The wheel that spun the T20 revolution has developed a few snags and, despite denials from those who keep its axle greased, the road ahead appears riddled with bumps and potholes.
The first bad news came from the melting markets. Then Allen Stanford, the man who enticed England into a world of billion-dollar dreams, turned out to be an alleged swindler, leaving world cricket’s original powerhouse embarrassed to its bones.
In India, Lalit Modi, who changed the face of the sport and helped launch a thousand brands, is battling with allegations of corruption and a threat to his own empire in Rajasthan. His baby, the IPL, may still be in sound health, but those who want to dress it up in gold and emeralds find their pockets getting pinched and money becoming scarce.
The first major scare to viewers at home has come from a medium whose live images, beamed across to
adoring fans, fatten the golden goose. Sony’s CEO has gone, no one knows for sure why, but speculation is rife that in an atmosphere of the melting money pot, the first to abandon the ship are those who stand to lose the most.
The IPL czar Modi, who protects his product and its sponsors like a mother shielding her children from the envious eyes of the world, is bravado personified and is promising a better and grander event this year. But the franchises are not too sure of that.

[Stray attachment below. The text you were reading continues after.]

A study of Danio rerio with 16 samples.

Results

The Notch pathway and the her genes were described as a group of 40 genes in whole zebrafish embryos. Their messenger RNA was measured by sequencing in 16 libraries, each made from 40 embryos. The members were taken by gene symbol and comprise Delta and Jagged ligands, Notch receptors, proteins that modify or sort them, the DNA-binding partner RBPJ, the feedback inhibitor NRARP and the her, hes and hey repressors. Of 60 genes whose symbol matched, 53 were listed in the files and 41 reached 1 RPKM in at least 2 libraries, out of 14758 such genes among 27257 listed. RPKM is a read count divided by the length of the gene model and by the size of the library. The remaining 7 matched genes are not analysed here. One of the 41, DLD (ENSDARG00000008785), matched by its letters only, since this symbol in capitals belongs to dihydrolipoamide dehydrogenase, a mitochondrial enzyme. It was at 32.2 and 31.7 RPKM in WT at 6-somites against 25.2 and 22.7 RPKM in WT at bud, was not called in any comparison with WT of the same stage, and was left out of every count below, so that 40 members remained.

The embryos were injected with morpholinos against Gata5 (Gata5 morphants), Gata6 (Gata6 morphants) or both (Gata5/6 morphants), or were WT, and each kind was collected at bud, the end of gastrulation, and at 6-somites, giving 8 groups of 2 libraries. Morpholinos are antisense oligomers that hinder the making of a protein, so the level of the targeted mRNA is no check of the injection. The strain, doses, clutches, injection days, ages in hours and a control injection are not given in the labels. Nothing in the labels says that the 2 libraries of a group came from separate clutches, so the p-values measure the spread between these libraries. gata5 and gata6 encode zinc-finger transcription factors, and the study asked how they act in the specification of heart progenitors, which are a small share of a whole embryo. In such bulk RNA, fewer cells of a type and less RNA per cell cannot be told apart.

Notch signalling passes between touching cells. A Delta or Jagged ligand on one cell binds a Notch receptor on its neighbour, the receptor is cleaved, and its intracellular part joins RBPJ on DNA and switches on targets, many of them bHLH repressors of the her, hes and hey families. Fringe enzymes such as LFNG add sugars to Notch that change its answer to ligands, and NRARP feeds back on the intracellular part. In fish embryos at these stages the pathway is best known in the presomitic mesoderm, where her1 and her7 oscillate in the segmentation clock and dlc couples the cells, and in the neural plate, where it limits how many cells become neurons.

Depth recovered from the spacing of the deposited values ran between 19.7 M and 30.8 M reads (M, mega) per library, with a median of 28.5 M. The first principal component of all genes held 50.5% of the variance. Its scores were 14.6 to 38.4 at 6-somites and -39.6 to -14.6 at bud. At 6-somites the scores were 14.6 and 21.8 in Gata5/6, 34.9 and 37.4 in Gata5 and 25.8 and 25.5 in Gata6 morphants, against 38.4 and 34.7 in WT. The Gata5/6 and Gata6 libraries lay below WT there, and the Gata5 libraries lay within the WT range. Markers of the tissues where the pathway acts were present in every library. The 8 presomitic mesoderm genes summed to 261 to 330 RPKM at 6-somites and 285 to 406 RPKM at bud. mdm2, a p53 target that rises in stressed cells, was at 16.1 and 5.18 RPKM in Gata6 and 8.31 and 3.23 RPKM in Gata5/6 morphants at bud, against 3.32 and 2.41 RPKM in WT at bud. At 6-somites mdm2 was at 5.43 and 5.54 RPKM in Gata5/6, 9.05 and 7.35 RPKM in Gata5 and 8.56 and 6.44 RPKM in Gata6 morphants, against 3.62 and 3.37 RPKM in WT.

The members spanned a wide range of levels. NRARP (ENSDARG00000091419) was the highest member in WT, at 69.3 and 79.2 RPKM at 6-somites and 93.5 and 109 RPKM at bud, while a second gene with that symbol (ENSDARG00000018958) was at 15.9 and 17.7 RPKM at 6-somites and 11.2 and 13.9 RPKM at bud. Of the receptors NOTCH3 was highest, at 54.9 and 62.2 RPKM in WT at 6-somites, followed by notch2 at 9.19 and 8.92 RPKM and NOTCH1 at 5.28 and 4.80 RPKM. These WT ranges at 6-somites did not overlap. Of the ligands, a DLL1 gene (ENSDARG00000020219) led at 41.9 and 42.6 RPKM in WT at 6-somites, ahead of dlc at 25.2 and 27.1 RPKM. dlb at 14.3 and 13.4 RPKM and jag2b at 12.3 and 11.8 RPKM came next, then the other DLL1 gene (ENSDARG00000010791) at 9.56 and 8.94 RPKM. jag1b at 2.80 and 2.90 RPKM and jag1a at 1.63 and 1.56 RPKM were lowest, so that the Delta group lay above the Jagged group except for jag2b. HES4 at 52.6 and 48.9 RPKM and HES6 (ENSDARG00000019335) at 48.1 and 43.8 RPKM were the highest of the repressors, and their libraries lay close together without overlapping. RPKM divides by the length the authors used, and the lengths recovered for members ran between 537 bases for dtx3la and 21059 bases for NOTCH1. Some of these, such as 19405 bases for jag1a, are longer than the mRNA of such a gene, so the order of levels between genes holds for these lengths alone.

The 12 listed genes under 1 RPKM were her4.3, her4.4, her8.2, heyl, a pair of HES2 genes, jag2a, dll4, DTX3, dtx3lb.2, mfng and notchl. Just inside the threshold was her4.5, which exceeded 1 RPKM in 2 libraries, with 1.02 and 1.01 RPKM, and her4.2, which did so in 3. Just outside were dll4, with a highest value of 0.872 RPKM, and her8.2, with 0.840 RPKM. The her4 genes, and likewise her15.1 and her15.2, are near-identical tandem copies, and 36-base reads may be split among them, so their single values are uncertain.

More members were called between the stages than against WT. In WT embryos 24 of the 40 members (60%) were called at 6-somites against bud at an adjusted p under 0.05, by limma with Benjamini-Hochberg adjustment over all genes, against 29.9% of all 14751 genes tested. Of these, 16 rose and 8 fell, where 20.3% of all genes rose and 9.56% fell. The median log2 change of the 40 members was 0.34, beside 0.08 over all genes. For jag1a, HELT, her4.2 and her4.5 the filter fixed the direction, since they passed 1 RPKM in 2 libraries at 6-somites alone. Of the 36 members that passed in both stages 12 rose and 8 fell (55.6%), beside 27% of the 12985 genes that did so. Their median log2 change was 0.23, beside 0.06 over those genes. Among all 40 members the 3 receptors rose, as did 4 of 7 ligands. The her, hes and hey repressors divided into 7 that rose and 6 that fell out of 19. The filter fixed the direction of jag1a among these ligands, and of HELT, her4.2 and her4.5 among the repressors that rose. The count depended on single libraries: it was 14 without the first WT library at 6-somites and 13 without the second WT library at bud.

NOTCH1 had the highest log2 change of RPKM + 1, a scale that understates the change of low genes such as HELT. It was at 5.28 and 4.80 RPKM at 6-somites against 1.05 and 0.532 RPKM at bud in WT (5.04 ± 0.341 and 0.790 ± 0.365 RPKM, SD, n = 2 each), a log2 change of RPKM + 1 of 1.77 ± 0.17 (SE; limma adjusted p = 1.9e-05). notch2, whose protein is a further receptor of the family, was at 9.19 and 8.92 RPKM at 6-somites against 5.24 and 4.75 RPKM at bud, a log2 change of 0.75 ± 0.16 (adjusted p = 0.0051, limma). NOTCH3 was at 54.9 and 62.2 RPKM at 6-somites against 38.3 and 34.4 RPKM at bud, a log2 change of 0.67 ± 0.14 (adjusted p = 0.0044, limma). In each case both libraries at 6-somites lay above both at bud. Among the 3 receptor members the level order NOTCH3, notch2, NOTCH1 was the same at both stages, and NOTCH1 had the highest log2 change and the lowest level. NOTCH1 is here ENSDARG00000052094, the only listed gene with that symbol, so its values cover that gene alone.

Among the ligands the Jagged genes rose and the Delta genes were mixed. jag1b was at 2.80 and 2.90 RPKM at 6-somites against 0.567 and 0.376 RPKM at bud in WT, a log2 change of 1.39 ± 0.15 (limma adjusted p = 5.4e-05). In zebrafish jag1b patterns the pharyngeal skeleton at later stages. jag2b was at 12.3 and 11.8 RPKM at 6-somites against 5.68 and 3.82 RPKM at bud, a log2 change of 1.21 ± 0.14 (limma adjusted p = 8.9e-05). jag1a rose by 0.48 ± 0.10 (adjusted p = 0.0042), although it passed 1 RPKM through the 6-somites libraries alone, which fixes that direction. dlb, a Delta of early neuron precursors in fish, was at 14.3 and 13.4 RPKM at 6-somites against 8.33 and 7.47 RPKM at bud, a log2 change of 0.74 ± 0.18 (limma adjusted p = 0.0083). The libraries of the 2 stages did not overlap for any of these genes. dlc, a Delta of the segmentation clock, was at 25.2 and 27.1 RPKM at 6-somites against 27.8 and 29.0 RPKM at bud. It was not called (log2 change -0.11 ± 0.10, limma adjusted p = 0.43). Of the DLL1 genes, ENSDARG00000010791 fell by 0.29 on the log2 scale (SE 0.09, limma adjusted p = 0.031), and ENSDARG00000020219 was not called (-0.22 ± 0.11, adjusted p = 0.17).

They lost a substantial sum of money last year and are now bracing to lose more this year. In the absence of any hope of recovering even a fraction of the losses, belts are being tightened even if it hurts the stomach.
There are apprehensions that if the Sony imbroglio is not resolved amicably, it could even “ambush” the IPL, which may still not be a viable product on the whole. It’s a super-hit but has priced itself beyond the reach of most, especially when the economy is showing no signs of recovery.
As one of the CEOs of a franchise put it: “The IPL needs to scale down its ambitions as it cannot afford to get crushed under the weight of its own unbridled greed.”
The greed here is that of the Board, which by now must have realised that an auction is a gamble where money is thrown in the hope that the returns will be manifold, much more than the investment made. What is generally forgotten is that in a gambling game the only person who is guaranteed profits is the owner of the
casino. The BCCI has to be more pragmatic and realise that if it is the only one making money, the game will be over faster than expected.
I’m not sure whether the franchises have raised their voices or not, but if ever a bailout was needed, it is here; otherwise the product itself could get harmed irrevocably.